Famed Civil Rights Photographer Exposed As F.B.I. Informant
Ernest C. Withers Provided Information On Civil Rights Leaders
The history of the American civil rights movement was thrown a curve ball last week. Last Sunday, the Memphis Commercial Appeal published the results of a lengthy investigation proving that Ernest C. Withers, one of the most celebrated photographers of the civil rights era, also worked as a paid informant for the F.B.I., and used his position as a movement insider to provide detailed information about high-ranking civil rights leaders, including Martin Luther King, Jr.
Considered one of the most important photojournalists of his era, Ernest C. Withers was a veteran of the black press, and photographed many key moments in the history of the American South. The above photo, which was scanned to digital for preservation by the Smithsonian, was taken by Withers as he, Ralph Abernathy, and Martin Luther King, Jr. rode on one of the first desegregated buses in Montgomery, Alabama in 1956. The photographer was even in Dr. King’s hotel room on the night King was assassinated. Withers, who died in 2007 at the age of 85, engendered a deep trust among civil rights leaders like Dr. King. They never knew that the man known as the “original civil rights photographer” was providing the F.B.I. with scheduling details, photographs, and biographical information of the civil rights movement’s key players.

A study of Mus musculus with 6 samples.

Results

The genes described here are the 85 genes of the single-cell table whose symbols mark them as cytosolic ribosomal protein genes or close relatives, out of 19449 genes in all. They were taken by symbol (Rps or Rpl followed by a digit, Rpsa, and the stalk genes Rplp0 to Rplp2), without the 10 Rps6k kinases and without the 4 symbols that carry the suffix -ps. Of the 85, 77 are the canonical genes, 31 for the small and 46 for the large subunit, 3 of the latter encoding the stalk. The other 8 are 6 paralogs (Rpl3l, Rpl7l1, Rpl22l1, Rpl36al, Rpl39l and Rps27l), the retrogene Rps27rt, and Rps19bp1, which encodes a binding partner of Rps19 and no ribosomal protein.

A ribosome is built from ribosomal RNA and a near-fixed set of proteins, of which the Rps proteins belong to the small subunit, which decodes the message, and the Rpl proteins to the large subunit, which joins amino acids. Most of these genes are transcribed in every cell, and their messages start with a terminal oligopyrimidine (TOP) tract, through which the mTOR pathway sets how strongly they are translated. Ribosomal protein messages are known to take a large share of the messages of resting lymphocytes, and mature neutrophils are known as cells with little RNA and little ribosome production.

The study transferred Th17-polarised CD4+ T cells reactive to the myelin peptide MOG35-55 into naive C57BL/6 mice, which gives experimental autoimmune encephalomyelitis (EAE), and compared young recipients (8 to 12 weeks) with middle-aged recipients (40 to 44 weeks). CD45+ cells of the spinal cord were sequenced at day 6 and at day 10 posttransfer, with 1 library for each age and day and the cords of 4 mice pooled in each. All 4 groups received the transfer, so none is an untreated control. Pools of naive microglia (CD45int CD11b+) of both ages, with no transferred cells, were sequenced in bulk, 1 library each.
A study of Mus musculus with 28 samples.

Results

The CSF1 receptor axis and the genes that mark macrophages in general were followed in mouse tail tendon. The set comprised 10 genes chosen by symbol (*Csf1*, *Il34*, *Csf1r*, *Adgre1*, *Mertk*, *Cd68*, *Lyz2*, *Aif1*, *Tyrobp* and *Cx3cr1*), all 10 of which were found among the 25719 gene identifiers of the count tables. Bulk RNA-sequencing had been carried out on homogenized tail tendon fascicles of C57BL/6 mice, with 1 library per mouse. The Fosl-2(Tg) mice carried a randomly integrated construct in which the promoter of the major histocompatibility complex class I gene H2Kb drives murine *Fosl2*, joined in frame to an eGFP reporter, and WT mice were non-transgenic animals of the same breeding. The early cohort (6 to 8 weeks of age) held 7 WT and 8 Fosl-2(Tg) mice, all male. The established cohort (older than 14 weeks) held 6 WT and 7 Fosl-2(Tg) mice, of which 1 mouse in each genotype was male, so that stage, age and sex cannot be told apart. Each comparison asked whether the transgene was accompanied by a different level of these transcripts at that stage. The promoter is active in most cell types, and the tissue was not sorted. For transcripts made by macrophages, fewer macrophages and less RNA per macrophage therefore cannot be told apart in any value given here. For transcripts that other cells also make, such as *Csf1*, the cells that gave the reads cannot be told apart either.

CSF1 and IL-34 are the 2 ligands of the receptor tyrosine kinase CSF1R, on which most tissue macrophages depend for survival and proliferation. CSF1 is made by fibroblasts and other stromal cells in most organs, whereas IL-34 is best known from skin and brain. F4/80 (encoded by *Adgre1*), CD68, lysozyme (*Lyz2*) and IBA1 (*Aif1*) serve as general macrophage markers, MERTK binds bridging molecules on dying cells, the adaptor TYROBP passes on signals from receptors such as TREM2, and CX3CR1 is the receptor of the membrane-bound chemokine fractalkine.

While the details of Withers’s relationship with the F.B.I. remain unclear, it is certain that the photographer worked for at least two years (from 1968 to 1970) with Howell Lowe and William H. Lawrence, both F.B.I. agents from the bureau’s Memphis domestic surveillance program. Withers’s motives for becoming an informant are not known; Withers’s supporters have maintained that he would not have committed such a betrayal for financial reasons, but others have suggested that Withers needed extra money to support his eight children.
The F.B.I. keeps files on all informants, but has refused to release Withers’s file, which may contain information about his recruitment and his remuneration. However, some F.B.I. reports that link Withers to the bureau were obtained by the Memphis Commercial Appeal under the Freedom of Information Act, and scanned to digital for posting on the paper’s website.
To view those documents, click here.
To view a gallery of Withers’s photographs that have been scanned to digital, click here.